He Killed His Momma But Is Permitted to Sue His Psychiatrist?

Sounds outrageous, doesn’t it?  A guy  kills his mother and then the Georgia Supreme Court says he has a right to sue his psychiatrist for inappropriate psychiatric treatment that gave rise to the death of his mother.  

It is outrageous only if you know nothing about either law or medicine.

Psychiatrists are trained to help people who have mental illness (duh).  Some psychiatrists are good.  Some are bad.  Some good psychiatrists will, from time to time, fall below the standard of care and cause harm to a patient.

There are a fair number of cases every year in which the family of a suicide victim will claim that a psychiatrist or other mental health professional negligently cared for the decedent.  Some think that those cases should be barred, but Tennessee law allows a jury to determine whether recovery is appropriate so long as there is expert proof supporting the claim of both negligent treatment and causation.  See, e.g. White v. Lawrence, 975 S.W.2d 525 (Tenn. 1998).   Bruscato v. O’Brien, S11G0660 (Sept. 12, 2011), is  unusual in that the patient claims that his psychiatrist’s negligence (abruptly stopping Zyprexa) resulted in him de-compensate to the point of killing his mother.  Note that Bruscato has been charged, but not yet convicted, of murder.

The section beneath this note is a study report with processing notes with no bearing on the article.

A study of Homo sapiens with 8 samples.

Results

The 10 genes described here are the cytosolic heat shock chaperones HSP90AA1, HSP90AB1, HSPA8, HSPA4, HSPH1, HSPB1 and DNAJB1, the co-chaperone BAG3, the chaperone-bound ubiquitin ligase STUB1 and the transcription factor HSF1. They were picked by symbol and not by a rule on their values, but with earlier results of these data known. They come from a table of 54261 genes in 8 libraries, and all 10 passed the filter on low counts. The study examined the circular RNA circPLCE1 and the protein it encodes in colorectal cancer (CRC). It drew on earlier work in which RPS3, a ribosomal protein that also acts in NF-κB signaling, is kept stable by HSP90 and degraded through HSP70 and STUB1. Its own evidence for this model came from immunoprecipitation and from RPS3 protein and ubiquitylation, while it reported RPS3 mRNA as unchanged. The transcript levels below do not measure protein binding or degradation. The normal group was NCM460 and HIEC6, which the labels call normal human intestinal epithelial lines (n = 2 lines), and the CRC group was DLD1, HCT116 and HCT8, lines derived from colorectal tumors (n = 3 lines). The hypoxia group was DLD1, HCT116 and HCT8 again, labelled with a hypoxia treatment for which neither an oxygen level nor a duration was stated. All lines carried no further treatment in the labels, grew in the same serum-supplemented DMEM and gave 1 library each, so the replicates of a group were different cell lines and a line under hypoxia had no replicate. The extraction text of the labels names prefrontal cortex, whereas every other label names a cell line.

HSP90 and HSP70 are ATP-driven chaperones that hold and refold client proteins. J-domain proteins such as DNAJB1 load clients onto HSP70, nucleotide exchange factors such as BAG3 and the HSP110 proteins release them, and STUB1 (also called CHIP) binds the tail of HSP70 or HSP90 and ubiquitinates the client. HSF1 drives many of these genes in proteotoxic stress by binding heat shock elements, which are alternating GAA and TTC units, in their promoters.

The defense argued that Bruscato’s claim should be barred as a matter of law – that he should not be allowed to profit from his mother’s death.  That argument has some emotional appeal to it, but little other appeal.  As the Georgia Supreme Court ruled, " Bruscato’s lawsuit is not wholly related to his act of murder, and it is not wholly designed to profit from that  act. To the  contrary,  his lawsuit relates to the  allegedly improper medical treatment he received from O’Brien and seeks damages for the suffering it caused to him. In this sense, Bruscato is not seeking to profit from the murder
of his mother,  he is seeking damages to  be made whole  from the  allegedly improper  treatment  he  received  from O’Brien." 
Makes sense to me.  
So, will Bruscato win his case against Dr. O’Brien?  I must confess that it appears like a tough case to me.  As explained in the summary of facts set forth in the opinion,  Bruscato is, shall we say, not the most sympathetic plaintiff.  (One might argue that his plight deserves the most sympathy – he truly appears to be a very sick man.  But the plaintiff’s lawyer here has a hard row to hoe to educate a jury on this man’s difficulties).
That being said, if in fact it is determined that he was "insane" at the time of the murder and negligence and causation is established by the requisite expert proof, a jury should be permitted to conclude that inappropriate health care caused this foreseeable consequence.  Psychiatrists should not avoid accountability for negligent acts just because their patients are severely mentally ill.  Likewise, it is completely  foreseeable that some mentally ill people will harm or kill others.